H2O random Forest with imbalanced data


How one can use the H2O Random Forest node to deal with imbalanced data?
My data consists from 222 pos and 1250 neg?

Hi @malik,

there are basically two ways.

The first way is to balance the data before converting it to an H2O data frame. You can find easily more information about this in the forum. See, e.g, Unbalanced data - good practice and SMOTE for further details.

The second way is the “Balance classes” option shown in your screenshot. By checking this option, H2O will automatically balance the classes. With the setting “Define max relative number of rows after balancing”, you can control how much balancing is done, see also here. If you set the number very high, the classes will be balanced equally no matter how skewed they are. The setting at the very bottom even allows you to manually specify the balancing factors but you can just leave it empty as it is and the factors will be calculated by H2O.

Hope this helps you,


First the question why specifically H20 random forest? Just something you should always ask yourself why your are using that algorithm.

I suggest you avoid SMOTE like the plague. Too easy to do something wrong and even if you do it right, you are training your model on artificial data generated by another model. If from the available data you can generate useful artificial data, you probably won’t need it anyway due to clear class boundaries.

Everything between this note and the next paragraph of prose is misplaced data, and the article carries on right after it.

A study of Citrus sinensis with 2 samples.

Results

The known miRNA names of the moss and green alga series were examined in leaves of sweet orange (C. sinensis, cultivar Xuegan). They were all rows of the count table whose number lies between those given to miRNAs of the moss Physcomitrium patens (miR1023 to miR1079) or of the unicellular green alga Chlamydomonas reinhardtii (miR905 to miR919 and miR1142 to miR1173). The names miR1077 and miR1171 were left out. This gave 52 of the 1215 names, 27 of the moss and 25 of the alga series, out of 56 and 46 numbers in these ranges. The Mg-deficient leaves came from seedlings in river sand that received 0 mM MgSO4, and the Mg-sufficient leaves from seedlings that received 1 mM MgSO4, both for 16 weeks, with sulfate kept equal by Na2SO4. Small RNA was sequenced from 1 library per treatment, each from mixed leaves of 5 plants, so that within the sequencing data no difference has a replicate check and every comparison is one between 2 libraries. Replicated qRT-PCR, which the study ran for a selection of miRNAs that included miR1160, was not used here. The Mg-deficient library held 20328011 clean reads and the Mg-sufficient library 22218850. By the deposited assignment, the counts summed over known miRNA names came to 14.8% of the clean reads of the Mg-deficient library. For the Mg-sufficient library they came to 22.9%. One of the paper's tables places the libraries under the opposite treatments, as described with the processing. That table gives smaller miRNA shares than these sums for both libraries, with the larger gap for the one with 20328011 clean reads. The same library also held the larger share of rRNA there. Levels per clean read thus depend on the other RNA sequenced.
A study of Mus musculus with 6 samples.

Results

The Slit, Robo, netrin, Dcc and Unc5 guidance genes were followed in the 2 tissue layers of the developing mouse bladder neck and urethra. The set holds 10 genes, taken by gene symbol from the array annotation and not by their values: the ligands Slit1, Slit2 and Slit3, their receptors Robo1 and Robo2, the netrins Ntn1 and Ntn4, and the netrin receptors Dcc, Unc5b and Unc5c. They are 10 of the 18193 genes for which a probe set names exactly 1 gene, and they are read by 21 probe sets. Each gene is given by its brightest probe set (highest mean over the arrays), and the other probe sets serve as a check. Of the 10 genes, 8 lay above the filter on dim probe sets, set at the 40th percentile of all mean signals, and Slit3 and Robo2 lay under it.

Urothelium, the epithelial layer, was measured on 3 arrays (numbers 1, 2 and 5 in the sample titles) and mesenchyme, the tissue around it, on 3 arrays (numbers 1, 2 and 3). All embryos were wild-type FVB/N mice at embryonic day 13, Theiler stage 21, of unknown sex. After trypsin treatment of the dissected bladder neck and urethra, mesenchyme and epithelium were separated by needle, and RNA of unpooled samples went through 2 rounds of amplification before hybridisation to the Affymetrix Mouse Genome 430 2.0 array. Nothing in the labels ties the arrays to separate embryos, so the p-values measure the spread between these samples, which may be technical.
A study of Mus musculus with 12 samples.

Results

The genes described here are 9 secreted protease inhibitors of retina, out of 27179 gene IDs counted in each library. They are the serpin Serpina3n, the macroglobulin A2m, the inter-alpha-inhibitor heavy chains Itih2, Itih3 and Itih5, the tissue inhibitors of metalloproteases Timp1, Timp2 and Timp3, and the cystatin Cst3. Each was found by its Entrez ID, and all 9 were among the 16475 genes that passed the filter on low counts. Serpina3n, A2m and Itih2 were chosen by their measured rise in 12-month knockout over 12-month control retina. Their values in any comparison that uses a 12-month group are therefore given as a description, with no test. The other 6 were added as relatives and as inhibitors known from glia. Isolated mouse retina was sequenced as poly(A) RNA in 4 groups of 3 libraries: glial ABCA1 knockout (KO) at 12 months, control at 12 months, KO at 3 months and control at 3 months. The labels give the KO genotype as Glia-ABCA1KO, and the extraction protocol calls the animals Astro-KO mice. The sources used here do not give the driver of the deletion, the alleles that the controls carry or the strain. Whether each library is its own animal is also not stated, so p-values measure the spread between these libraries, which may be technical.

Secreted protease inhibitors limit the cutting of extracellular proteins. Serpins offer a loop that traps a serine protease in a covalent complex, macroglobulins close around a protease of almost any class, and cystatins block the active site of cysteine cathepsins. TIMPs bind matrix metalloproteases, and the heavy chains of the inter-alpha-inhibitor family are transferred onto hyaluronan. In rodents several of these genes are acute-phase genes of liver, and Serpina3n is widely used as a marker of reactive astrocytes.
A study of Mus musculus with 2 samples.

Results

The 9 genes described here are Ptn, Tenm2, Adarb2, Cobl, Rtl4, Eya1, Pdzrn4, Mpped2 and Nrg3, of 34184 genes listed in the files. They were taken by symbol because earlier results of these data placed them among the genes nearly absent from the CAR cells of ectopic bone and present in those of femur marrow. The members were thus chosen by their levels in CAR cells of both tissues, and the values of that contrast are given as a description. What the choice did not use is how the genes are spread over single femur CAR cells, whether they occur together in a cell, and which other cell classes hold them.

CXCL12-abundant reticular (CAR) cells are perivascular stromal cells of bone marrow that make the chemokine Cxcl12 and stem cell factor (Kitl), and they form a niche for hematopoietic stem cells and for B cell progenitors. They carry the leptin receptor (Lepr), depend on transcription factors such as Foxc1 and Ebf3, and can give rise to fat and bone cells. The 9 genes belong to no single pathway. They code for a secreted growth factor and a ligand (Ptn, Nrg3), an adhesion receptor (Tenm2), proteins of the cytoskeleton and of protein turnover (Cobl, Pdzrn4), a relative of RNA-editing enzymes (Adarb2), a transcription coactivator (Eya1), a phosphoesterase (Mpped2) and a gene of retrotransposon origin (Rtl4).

Before doing any balancing, I would just try without it. Your case isn’t really that unbalanced. If you want to balance Instead of the Balance classes? options suggested by Simon I would use the weights column with which you can give each row it’s own importance. A simple way is to give all rows of the minority class a higher weight. weight 1 for majority class and “num rows of majority class” / “num rows of minority class” as weight for the minority class, eg 1250/222 = 5.6. you can create the weights column with rule engine node.


Thanks for that addition, @beginner. Using a weights column is definitely a good idea.
In the end, one can simply try all the different ways out and see what works best. As always, it depends heavily on the data.